As the date for the election of the new leader of world football draws ever closer, I couldn't help but wonder quite how the governing body of the most popular game on the planet has gradually become the personal fiefdom of a man who 20 odd years ago was barely known outside his own canton, let alone country – that is unless you were a signed up member of the World Society of Friends of Suspenders (seriously, look it up!).
Well, to paraphrase Mary Poppins, let's start at a new beginning, in this case – 1974. This was the year that the then 98 members of FIFA voted Joao Havelange in as the 7th President of FIFA. His predecessor, Sir Stanley Rous, was a founder member of FIFA and a football administrator to the core. The new man at the top was, on the face of it, born from the same mould - a double Olympian who forged a career in football administration. This was also the year of the Munich World Cup, the new FIFA World Cup trophy and ironically the beginning of a 20 year decline in the fortunes of the Brazilian national team. The World Cup that year was a simple, 16 team affair run along the same lines as the model for all previous tournaments.
The 1978 tournament to be staged in Argentina was already organised and although there was a slightly bizarre second phase and some questionable officiating, only 16 teams competed and the tournament was still purely a festival of football. But now things began to change with hosting a 24 team competition in 1982. By the time the World Cup bandwagon rolled up in France in 1998 there were 32 competing nations and a new FIFA president, one Joseph ‘Sepp’ Blatter. In addition the tournament had become a brand with all its associated commercial opportunities. Whereas previous tournaments were limited to a cutting edge logo, some dubious mascots and the obligatory awful team song, we now had official sponsors, partners, supporters etc. all paying large sums of cash for the rights to bombard the watching fan with every kind of commercial message. This explosion of commercial association has grown steadily with each tournament so that in South Africa, you could only use one brand credit card to buy one brand type of soft drink, beer or burger.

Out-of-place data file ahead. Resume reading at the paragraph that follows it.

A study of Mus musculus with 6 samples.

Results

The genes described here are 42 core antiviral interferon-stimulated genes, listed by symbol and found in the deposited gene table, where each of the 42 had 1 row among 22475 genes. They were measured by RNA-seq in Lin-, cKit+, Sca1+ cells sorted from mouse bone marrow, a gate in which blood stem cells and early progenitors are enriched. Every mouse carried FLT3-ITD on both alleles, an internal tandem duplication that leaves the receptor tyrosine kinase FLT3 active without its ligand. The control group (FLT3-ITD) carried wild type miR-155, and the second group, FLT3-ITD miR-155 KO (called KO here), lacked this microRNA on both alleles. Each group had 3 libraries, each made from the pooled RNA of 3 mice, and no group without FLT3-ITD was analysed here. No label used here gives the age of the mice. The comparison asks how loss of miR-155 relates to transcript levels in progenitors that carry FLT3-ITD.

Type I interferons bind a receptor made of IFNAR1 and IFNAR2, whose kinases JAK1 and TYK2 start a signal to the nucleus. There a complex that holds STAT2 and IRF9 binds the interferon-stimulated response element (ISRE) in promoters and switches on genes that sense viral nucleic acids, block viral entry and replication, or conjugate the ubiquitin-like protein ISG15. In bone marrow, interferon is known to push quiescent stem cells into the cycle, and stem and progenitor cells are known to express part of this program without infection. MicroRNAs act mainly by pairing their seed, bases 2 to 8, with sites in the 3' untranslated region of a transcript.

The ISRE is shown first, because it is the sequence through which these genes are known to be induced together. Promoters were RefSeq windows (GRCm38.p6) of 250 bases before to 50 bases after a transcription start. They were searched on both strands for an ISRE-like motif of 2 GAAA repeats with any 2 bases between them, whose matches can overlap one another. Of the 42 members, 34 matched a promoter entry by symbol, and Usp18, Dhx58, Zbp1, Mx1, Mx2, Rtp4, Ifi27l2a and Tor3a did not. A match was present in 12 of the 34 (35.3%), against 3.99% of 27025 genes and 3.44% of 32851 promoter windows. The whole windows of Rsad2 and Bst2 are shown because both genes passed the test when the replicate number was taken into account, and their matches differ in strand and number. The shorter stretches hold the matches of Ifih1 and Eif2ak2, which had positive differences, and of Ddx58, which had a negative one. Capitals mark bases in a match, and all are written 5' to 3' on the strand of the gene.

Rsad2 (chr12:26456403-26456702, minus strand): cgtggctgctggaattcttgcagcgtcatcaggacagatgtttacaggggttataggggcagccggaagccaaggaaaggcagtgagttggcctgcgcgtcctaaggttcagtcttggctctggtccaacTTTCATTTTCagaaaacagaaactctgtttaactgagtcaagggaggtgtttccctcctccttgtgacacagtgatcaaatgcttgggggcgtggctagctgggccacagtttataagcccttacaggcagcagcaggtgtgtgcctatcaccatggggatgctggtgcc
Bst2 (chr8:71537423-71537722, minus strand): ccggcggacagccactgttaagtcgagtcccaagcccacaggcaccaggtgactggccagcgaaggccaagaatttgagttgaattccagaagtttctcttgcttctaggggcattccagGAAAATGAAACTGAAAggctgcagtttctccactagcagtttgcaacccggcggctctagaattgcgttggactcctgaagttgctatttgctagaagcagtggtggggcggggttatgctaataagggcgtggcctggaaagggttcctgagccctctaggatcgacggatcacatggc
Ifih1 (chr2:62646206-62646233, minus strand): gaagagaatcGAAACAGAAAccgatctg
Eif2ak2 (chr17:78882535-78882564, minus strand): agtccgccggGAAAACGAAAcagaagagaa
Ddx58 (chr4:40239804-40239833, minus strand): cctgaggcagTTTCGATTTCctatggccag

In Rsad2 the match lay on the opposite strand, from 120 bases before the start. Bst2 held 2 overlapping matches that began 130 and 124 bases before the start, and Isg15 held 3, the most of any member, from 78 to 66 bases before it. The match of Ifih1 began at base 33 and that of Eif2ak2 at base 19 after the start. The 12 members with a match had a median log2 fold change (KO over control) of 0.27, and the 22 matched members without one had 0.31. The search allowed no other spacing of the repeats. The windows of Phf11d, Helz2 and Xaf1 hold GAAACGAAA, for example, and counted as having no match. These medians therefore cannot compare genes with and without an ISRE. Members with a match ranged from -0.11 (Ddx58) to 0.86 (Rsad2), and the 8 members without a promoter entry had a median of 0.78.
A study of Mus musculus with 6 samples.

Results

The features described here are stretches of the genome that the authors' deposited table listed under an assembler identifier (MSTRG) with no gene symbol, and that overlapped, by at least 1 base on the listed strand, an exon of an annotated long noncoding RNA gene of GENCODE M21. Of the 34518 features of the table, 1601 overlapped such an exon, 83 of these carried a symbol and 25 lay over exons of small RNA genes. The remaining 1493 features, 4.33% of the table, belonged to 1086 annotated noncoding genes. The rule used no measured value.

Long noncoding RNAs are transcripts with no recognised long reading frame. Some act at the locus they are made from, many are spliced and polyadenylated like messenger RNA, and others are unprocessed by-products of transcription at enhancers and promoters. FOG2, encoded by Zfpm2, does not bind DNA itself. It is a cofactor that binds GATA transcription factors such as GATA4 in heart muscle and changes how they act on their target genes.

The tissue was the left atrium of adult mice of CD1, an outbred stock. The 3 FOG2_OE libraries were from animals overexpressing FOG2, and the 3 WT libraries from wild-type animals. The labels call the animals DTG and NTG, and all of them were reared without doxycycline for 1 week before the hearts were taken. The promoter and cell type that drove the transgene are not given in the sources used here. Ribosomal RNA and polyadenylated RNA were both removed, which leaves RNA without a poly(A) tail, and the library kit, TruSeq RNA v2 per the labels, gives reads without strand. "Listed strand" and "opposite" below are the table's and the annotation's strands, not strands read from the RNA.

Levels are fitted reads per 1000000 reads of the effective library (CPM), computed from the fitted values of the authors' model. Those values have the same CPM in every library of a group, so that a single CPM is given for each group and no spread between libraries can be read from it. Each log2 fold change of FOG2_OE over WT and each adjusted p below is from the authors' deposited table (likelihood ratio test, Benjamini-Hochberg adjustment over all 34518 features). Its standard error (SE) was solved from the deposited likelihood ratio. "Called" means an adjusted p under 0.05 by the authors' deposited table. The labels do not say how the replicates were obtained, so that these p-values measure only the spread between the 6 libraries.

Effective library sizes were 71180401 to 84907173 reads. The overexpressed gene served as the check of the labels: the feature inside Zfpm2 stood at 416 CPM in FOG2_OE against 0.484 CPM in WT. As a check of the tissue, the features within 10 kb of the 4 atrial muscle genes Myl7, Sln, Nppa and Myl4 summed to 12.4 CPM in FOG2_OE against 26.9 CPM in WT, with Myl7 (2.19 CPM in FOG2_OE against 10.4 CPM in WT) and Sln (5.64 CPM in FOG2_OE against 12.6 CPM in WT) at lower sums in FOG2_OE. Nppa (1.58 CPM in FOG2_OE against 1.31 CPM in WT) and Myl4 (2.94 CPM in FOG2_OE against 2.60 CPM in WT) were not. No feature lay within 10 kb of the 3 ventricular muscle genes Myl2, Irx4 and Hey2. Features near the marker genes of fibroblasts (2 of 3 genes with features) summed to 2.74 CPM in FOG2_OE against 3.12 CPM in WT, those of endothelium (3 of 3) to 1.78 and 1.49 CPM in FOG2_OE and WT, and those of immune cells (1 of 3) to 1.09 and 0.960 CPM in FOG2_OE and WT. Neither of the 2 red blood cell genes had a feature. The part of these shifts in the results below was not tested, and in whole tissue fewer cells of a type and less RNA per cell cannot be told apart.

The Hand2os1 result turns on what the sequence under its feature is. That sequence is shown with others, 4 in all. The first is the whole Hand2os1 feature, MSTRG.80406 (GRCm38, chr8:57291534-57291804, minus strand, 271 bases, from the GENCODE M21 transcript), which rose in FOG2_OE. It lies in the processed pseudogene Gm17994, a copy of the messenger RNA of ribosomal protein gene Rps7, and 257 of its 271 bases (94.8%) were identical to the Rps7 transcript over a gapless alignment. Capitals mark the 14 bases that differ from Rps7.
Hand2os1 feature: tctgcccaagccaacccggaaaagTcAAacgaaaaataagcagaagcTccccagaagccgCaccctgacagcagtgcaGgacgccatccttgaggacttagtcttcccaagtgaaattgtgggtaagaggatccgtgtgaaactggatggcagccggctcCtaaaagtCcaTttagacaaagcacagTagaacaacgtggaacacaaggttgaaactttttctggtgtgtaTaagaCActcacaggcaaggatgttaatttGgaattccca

However, FIFA doesn’t need this money, its broadcast fees more than cover the expense of running an understated office on a hilltop, so its role is to ensure that the funds are cascaded down through the continental confederations and on to each of the 208 member states. Now, and hopefully you are still following this, is the intriguing part. Each of the members one single vote, that means Timor Leste (ranking - 200 with 10 clubs and 100 officials) has exactly same influence on who becomes, or indeed remains, the President of FIFA as does Spain (ranking 1 with 18,200 clubs and 62,500 officials).
It doesn’t take a genius to work out that a much smaller amount of financial assistance is needed to make friends and influence people in Dili than is needed in Madrid and as everyone knows friends will always return favours, after all you don’t bite the hand that feeds you.